Monday through Friday with People of Faith: Day 225/260: The Leper

Read Luke 17:11-19

Giving Thanks

Leprosy was a dreaded disease. Many regulations regarding leprosy are found in the Law of Moses, particularly in Leviticus 13-14. These lepers in Luke 17 “stood afar off” (Luke 17:12); they were required to make their malady known and separate themselves from others. In the Law, it is written, “Now the leper on whom the sore is, his clothes shall be torn and his head bare; and he shall cover his mustache, and cry, ‘Unclean! Unclean!’” (Leviticus 13:45). It was an undesirable life.

These ten lepers, when they saw Jesus, cried out to Him, “Jesus, Master, have mercy on us!” (Luke 17:13). They had no doubt heard of His wonders, and they desired His compassion and healing. He answered them, “Go, show yourselves to the priests” (Luke 17:14). This was necessary according to the Law for a leper to be declared clean by the priest (Leviticus 14:1ff).

The Scriptures reveal that the lepers were cleansed on their way to the priests. Only one of them, however, when he realized he had been healed, returned to Jesus. Upon returning, he “glorified God, and fell down on his face at His feet, giving Him thanks” (Luke 17:15-16). Only one out of ten.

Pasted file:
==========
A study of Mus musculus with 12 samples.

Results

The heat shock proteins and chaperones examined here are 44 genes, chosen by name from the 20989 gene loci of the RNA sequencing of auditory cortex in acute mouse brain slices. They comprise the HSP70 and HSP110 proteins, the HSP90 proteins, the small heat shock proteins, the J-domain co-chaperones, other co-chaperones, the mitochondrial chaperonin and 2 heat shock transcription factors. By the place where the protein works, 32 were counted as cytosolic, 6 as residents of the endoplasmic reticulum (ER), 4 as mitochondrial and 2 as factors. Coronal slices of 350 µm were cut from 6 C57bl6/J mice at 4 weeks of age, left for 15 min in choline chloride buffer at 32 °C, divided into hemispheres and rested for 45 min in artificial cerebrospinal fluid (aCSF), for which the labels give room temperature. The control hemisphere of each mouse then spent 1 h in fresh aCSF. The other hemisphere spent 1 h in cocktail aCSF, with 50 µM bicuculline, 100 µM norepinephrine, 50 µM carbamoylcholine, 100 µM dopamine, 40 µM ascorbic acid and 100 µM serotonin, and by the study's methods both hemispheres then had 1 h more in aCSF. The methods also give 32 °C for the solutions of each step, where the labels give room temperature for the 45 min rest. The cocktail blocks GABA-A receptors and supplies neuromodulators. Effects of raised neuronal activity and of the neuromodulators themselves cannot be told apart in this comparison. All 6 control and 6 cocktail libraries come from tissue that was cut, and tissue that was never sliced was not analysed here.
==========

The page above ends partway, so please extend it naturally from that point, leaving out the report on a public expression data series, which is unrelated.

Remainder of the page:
The Scriptures further reveal that this man was a Samaritan (Luke 17:16), implying the others were Jews. The Jews, who had been raised to know that the Messiah was coming and should have recognized Him when He arrived, largely refused to believe in the Son of God. But those who were previously without hope, outside the promises given to Israel, were the ones who showed gratitude and worshiped.

Jesus told this Samaritan man, formerly afflicted by leprosy, “Arise, go your way. Your faith has made you well” (Luke 17:19). The other nine may have imagined they were getting better on their own, or discredited Jesus’ power by claiming He didn’t really do anything. But this one man saw the power of the Son of God, acknowledged it, and acted upon it.

May our faith and thanksgiving be as strong as this leper’s.